This report looks at young people who were under youth justice supervision in Australia during 2020–21 because of their involvement or alleged involvement in crime. It explores the key aspects of supervision, both in the community and in detention, as well as recent trends. Some data are included from the period during which COVID-19 and related social restrictions were present in Australia, specifically between March 2020 and June 2021.
About 4,700 young people aged 10 and over were under supervision on an average day
A total of 4,695 young people aged 10 and over were under youth justice supervision on an average day in 2020–21 and 9,352 young people were supervised at some time during the year.
Nearly all young people (96%) under youth justice supervision on an average day were aged 14 and over. This was similar for community-based supervision (97%) and detention (95%).
Among those aged 10–17, this equates to a rate of 14 per 10,000.
Most young people were supervised in the community
More than 4 in 5 (84%) young people under supervision on an average day were supervised in the community, and about 1 in 6 (17%) were in detention. (Some were supervised in both the community and detention on the same day.)
The majority of young people in detention were unsentenced
Almost 3 in 4 (72%) young people in detention on an average day were unsentenced – that is, awaiting the outcome of their legal matter or sentencing.
Young people spent an average of 6 months under supervision
Individual periods of supervision that were completed during 2020–21 lasted for a median of 124 days or about 4 months. (This includes time under supervision before 1 July 2020 if the period started before that date.)
When all time spent under supervision during 2020–21 is considered (including multiple periods and periods that were not yet completed), young people who were supervised during the year spent an average of 183 days (about 6 months) under supervision.
Supervision rates varied among the states and territories
Rates of youth justice supervision varied among the states and territories, reflecting, in part, the differences in legislation, policies and practices between each state and territory.
In 2020–21, the rate of young people aged 10–17 under supervision on an average day ranged from 7.3 per 10,000 in Victoria to 32 per 10,000 in the Northern Territory.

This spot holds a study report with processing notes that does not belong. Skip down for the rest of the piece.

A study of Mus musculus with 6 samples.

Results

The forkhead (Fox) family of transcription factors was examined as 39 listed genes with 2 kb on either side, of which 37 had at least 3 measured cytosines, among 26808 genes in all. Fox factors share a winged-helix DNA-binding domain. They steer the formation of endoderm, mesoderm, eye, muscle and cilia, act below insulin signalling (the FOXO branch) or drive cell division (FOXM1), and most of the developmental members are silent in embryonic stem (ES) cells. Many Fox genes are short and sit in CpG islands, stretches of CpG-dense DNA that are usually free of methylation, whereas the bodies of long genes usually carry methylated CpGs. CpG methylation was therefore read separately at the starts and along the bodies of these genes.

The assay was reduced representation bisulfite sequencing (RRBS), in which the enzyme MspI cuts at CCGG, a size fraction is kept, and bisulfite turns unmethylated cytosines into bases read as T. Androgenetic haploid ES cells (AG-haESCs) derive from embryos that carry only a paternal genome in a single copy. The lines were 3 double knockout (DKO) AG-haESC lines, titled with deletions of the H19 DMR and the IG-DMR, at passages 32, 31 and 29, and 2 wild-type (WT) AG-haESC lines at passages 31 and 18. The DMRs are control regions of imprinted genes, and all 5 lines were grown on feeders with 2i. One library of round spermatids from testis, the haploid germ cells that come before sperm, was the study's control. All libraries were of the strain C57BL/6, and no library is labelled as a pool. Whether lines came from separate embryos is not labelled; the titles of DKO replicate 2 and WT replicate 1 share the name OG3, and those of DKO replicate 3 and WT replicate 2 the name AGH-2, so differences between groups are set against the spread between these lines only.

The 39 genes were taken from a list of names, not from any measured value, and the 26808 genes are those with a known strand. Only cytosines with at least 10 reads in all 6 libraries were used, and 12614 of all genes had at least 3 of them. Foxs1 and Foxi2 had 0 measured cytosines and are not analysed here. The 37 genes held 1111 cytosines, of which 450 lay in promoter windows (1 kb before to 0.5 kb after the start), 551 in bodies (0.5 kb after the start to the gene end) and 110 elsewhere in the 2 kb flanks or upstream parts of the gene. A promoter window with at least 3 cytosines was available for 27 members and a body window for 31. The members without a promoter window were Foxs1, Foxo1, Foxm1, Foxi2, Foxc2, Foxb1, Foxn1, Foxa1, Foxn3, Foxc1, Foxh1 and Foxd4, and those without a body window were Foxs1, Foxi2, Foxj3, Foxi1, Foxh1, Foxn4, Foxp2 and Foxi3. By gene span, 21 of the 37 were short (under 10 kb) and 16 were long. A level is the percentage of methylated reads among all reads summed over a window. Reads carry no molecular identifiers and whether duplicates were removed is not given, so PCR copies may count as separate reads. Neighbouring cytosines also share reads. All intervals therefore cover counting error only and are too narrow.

Rates of supervision have fallen over the 5 years to 2020–21
Over the 5 years from 2016–17 to 2020–21, the number of young people aged 10 and over who were under supervision on an average day fell by 12%, while the rate of young people aged 10–17 dropped from 19 to 14 per 10,000.
Overall, the rate fell for community-based supervision (from 16 to 11 per 10,000) and dropped slightly for detention (from 3.2 to 2.6 per 10,000).
Aboriginal and Torres Strait Islander supervision rates have fallen
Although only 5.8% of young people aged 10–17 in Australia identified as being of Aboriginal or Torres Strait Islander origin, almost half (49%) of the young people under supervision on an average day in 2020–21 were Indigenous Australians.
Between 2016–17 and 2020–21, the rate of Indigenous young people aged 10–17 under supervision on an average day fell from 161 to 117 per 10,000. The rate of non-Indigenous young people under supervision also fell over the period, from 9.5 to 7.2 per 10,000.
The rate for Indigenous young people aged 10–17 in detention declined from 32 to 23 per 10,000 over the period, while the non-Indigenous rates fluctuated slightly, between 1.3 and 1.5 per 10,000.
Young people in remote areas were more likely to be under supervision
Although most young people under supervision had come from cities and regional areas (87%), those from geographically remote areas had the highest rates of supervision.
On an average day in 2020–21, young people aged 10–17 who were from Very remote areas were 6 times as likely to be under supervision as those from Major cities. This largely reflects the higher proportions of Indigenous Australians living in these areas.
Young people from lower socioeconomic areas were more likely to be under supervision
More than 1 in 3 young people (35%) under supervision on an average day in 2020–21 were from the lowest socioeconomic areas, compared with about 1 in 17 young people (6.4%) from the highest socioeconomic areas.
About 1 in 3 young people were new to supervision
About one-third (33%) of young people under youth justice supervision in 2020–21 were new to supervision in that year. The rest (67%) had been supervised in a previous year.
Young Indigenous Australians (72%) were more likely than non-Indigenous young people (65%) to have been under supervision in a previous year.
Indigenous Australians were younger when they entered supervision than their non‑Indigenous counterparts
On average, Indigenous young people entered youth justice supervision at a younger age than non-Indigenous young people.
More than a third (37%) of Indigenous young people under supervision in 2020–21 were first supervised when aged 10–13 compared with about 1 in 7 (14%) non‑Indigenous young people.